Unlocking the Language Code: Speak Like an Aspen, Colorado Local

Stephanie Kroll

Aspen, Colorado, a picturesque mountain town nestled in the heart of the Rockies, is a place with a unique culture and language of its own. To truly immerse yourself in the local experience, it helps to understand the Aspen lingo. So, let's delve into the ABCs of Aspen!

The ABC: Aspen has its own version of an "ABC," and it's not your typical alphabet. In this case, it stands for the Airport Business Center, located just 3 miles from Aspen, right across from the Pitkin County Airport. This area is home to various offices and employee residences.

Ajax: When you hear locals referring to "Ajax," they're not talking about cleaning products. Ajax is the affectionate nickname for Aspen Mountain, and it's a nod to one of the area's historic mining claims.

ASE: If you're ever looking for flights to Aspen, remember this three-letter code: ASE. It's the code for Aspen/Pitkin County Airport, your gateway to this mountain paradise.

Aspen Tap: At dinner, you might be offered a choice of sparkling water, but don't be surprised if the waiters call it "Aspen Tap." It's a local term for what's essentially tap water, and the good news is, it's free. It's also the name of Aspen Brewing Company's downtown storefront where they serve their beer on tap.

The Bells: When someone mentions "The Bells," they're not talking about ringing bells but rather the Maroon Bells. These are two majestic peaks that soar over 14,000 feet in the nearby Maroon Bells-Snowmass Wilderness Area and are believed to be the most photographed peaks in North America.

Bonedale: Down in the valley from Aspen, you'll find Carbondale, affectionately known as "Bonedale" by the locals. The residents of this charming town are playfully called "Bonedalians."

Bootpacking: In the early skiing season, the Aspen Highlands Ski Patrol employs a unique technique known as "bootpacking." It involves creating "snow-steps" with boots to navigate steep terrain. A team of volunteer "bootpackers" helps stabilize the snow in the Highland Bowl.

The Bowl: When you hear people mention "The Bowl," they're not talking about kitchenware. They're referring to Highland Bowl, a 12,392-foot peak on Aspen Highlands that can be reached after a 782-vertical-foot hike.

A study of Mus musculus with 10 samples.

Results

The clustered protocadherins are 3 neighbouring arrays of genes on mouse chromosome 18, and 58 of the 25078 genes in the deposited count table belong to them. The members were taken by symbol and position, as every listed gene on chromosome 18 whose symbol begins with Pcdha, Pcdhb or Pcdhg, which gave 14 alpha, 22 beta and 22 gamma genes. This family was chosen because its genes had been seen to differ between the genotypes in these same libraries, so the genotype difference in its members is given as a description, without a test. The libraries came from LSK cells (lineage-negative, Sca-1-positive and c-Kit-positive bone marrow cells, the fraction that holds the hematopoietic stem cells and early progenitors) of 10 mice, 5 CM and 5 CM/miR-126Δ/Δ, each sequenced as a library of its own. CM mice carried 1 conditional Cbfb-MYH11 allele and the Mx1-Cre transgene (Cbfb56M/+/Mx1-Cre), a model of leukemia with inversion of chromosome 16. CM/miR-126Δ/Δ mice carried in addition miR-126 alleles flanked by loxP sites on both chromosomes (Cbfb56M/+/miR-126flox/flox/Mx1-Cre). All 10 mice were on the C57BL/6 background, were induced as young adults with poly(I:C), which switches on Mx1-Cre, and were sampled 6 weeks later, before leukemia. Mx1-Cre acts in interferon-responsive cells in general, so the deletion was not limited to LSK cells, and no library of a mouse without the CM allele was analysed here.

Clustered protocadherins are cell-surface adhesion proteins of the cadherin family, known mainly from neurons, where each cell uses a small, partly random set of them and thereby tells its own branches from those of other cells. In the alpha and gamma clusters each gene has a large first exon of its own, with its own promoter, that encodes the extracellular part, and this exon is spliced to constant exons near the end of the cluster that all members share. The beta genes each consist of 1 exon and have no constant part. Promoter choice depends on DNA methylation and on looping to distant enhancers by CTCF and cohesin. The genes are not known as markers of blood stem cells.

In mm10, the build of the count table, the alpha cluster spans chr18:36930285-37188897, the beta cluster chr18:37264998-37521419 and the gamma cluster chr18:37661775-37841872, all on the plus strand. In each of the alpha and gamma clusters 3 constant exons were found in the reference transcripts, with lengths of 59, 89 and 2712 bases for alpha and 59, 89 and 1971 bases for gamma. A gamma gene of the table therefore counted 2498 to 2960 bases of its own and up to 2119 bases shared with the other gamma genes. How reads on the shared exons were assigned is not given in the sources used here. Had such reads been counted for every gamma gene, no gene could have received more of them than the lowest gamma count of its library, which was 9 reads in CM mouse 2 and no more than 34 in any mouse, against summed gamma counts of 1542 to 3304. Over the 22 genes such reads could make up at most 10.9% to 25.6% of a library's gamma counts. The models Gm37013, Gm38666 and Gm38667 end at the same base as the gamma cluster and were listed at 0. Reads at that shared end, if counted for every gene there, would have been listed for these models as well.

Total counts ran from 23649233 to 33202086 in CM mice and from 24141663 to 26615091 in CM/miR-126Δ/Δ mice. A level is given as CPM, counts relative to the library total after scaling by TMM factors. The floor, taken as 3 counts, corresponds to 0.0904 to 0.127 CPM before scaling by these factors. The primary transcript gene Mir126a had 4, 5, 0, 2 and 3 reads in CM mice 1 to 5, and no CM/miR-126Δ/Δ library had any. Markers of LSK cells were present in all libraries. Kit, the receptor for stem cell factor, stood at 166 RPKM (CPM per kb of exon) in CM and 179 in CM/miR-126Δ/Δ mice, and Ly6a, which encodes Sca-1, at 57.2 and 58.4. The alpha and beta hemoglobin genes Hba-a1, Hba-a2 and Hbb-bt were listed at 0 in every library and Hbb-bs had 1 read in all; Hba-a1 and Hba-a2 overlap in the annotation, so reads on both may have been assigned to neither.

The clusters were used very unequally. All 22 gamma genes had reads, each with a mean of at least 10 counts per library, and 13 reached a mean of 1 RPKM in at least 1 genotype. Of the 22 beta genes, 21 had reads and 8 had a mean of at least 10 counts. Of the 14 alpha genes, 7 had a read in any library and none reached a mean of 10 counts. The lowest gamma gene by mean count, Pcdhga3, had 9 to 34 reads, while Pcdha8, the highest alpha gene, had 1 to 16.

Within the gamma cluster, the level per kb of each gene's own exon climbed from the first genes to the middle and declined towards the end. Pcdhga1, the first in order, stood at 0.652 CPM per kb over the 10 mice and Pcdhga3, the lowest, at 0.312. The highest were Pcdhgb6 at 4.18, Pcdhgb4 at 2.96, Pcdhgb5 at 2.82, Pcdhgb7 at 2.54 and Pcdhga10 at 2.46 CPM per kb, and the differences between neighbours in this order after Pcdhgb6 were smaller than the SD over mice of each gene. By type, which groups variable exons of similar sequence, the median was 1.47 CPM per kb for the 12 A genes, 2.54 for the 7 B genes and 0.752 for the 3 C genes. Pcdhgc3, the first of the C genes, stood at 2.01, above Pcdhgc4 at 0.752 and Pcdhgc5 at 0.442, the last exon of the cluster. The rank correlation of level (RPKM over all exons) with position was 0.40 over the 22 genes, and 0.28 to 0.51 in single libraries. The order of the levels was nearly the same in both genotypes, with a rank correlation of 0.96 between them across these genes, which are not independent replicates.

The Bucket: One of the gondola cabins is affectionately known as "The Bucket."

Corduroy: When skiers and snowboarders talk about "corduroy," they're not discussing fashion but freshly groomed snow that resembles perfectly ribbed corduroy fabric.

The Couch: "The Couch" is a nickname for the Gentleman's Ridge chairlift because it's known for moving at a leisurely pace.

Dawn patrol: "Dawn patrol" refers to early morning activities undertaken with the goal of witnessing the stunning sunrise over the Rockies.

Downvalley: Even though Aspen is southeast of Glenwood Springs, the term "downvalley" encompasses all locations downstream from Aspen, including Woody Creek, Basalt, Carbondale, and Glenwood Springs. Snowmass Village is considered a sidevalley.

The Dumps: "The Dumps" are a series of ski runs on Aspen Mountain extending from Bear Paw to Bonnie Bell Ridge. They earned their name from the mine tailings that can be observed "dumping" from this hillside in the summer.

Fourteener: A "fourteener" is any peak in Colorado that surpasses 14,000 feet, and there are 54 of these towering giants in the state.

Noon groom: Every day at noon, Snowmass Ski Area opens a freshly groomed run, aptly known as the "noon groom." The specific run chosen for grooming changes daily.

The Pass: "The Pass" refers to Independence Pass, a point on Highway 82 that reaches 12,095 feet, connecting Aspen to Leadville in the summer. During winter, the pass is closed, and it also straddles the Continental Divide.

RFTA: Pronounced "rafta," RFTA stands for Roaring Fork Transportation Authority, the valley's primary bus system.

Send it: When you hear someone say "send it," they're talking about getting some serious air or hang time while jumping on skis or a bike. It can also refer to having a wild night on the town.

Side-country: "Side-country" refers to off-piste terrain accessed by exiting the ski area boundary, but it's important to note that venturing into the side-country can be risky unless you're an experienced rider, and it's still kind of like backcountry skiing. Thankfully, Aspen seems to be turning some of these "side-country" areas accessed for a long time by locals into parts of the inbounds ski resort, such as their new "Hero's" lift at Aspen Mountain (or should we say, AJAX.)

The six-pack: "The six-pack" isn't referring to your favorite beverage but rather the Village Express chairlift, designed to carry six passengers.

Skinning: "Skinning" involves going uphill on skis with the aid of long synthetic strips known as "skins" to prevent the skis from sliding backward.

SUPing: While you might think of surfing when you hear "SUPing," in Aspen and most of the world, it stands for stand-up paddleboarding.

Armed with this Aspen dictionary, you'll be speaking the local language in no time. Whether you're hitting the slopes, exploring the wilderness, or simply enjoying a day in town, understanding these terms will help you embrace the Aspen way of life and connect with the locals on a whole new level. So, get out there and send it like a true Aspenite!